This Catholic's View

The Green Pope

Pope Benedict XVI has been called the "green pope" because of his concern for the environment. Last year, he installed solar panels to generate electricity on roofs in the Vatican, and this year he added them to his home in Germany. Recently, the Vatican installed high-tech solar collectors to help heat and cool its buildings. He has also made the Vatican the first carbon neutral state through forests offsetting the Vatican carbon footprint.

"It's impressive they're actually doing what some people only talk about and (they) are doing it in a significant way," Mark Hopkins, director of the United Nations Foundation's energy policy program told Catholic News Service.

In his new encyclical, Caritas in Veritate, the pope calls us to value nature as God's creation while rejecting any pagan or pantheistic view. "In nature," he writes, "the believer recognizes the wonderful result of God's creative activity, which we may use responsibly to satisfy our legitimate needs, material or otherwise, while respecting the intrinsic balance of creation."

This gift is not to be exploited for purely selfish ends, rather, "The environment is God's gift to everyone, and in our use of it we have a responsibility towards the poor, towards future generations and towards humanity as a whole." Thus, Benedict combines his concern for the poor with his concern for the environment.

In the encyclical he applies his vision to energy policy. Like the Obama administration, he argues for conservation and the development of alternative sources of energy.

"The technologically advanced societies [that is us] can and must lower their domestic energy consumption," he argues, "either through an evolution in manufacturing methods or through greater ecological sensitivity among their citizens." This ecological sensitivity should lead to the adoption of new life-styles "in which the quest for truth, beauty, goodness and communion with others for the sake of common growth are the factors which determine consumer choices, savings and investments."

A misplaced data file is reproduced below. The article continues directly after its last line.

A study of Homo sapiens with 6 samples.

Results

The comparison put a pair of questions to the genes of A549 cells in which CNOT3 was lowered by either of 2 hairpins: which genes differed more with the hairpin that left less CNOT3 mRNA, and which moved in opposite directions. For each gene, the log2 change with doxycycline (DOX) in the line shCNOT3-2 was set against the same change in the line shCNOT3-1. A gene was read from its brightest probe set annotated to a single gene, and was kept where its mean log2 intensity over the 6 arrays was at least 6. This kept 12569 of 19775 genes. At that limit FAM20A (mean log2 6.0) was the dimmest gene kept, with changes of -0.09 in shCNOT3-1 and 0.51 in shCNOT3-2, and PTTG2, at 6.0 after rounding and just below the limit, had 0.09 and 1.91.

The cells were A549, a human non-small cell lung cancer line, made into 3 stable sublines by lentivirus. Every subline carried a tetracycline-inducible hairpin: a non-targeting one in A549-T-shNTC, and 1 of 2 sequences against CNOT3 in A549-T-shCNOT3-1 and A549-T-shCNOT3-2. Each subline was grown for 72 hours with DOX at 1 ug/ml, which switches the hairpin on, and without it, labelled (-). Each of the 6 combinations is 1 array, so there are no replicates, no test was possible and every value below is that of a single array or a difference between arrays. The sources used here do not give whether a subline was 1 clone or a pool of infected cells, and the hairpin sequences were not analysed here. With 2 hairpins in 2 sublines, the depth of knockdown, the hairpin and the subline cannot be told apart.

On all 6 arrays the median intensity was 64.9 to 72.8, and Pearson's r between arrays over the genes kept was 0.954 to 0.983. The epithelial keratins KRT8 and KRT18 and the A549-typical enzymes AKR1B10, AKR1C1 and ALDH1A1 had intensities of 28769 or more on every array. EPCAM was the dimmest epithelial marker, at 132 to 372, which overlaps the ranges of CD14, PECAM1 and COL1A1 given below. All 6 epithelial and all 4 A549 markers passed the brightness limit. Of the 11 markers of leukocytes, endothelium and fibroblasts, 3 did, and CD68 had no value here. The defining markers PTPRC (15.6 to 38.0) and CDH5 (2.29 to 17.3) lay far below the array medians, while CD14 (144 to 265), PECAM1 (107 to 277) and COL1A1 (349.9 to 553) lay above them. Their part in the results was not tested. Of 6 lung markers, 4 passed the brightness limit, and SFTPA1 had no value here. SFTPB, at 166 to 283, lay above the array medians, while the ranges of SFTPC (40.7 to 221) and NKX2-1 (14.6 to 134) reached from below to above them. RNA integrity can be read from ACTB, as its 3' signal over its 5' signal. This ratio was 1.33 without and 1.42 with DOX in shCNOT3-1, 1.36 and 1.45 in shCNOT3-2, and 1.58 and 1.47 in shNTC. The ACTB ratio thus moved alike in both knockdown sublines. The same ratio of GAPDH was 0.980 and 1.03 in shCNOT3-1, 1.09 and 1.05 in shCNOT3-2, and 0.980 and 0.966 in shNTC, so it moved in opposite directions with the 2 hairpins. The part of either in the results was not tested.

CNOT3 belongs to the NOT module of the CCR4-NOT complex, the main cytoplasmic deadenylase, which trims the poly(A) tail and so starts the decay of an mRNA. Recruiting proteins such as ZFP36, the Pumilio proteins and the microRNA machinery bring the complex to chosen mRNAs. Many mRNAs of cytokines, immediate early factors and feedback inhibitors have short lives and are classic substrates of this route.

Unlike most American politicians, he is also concerned about "countries [that] lack the economic means either to gain access to existing sources of non-renewable energy or to finance research into new alternatives." He complains that "some States, power groups and companies hoard non-renewable energy resources" and this "represents a grave obstacle to development in poor countries."

He calls for "a worldwide redistribution of energy resources, so that countries lacking those resources can have access to them."

No American politician could say anything like this, but Benedict can and does because his environmental views are motivated by theology not politics. On September 10, he argued that people must "see in creation something more than a simple source of wealth or exploitation in man's hands." The gift of creation must be used "responsibly and respectfully, making it fruitful." For ultimately, we must see creation as "the expression of a plan of love and truth that speaks to us of the Creator and of his love for humanity, which will find its fulfillment in Christ, at the end of time."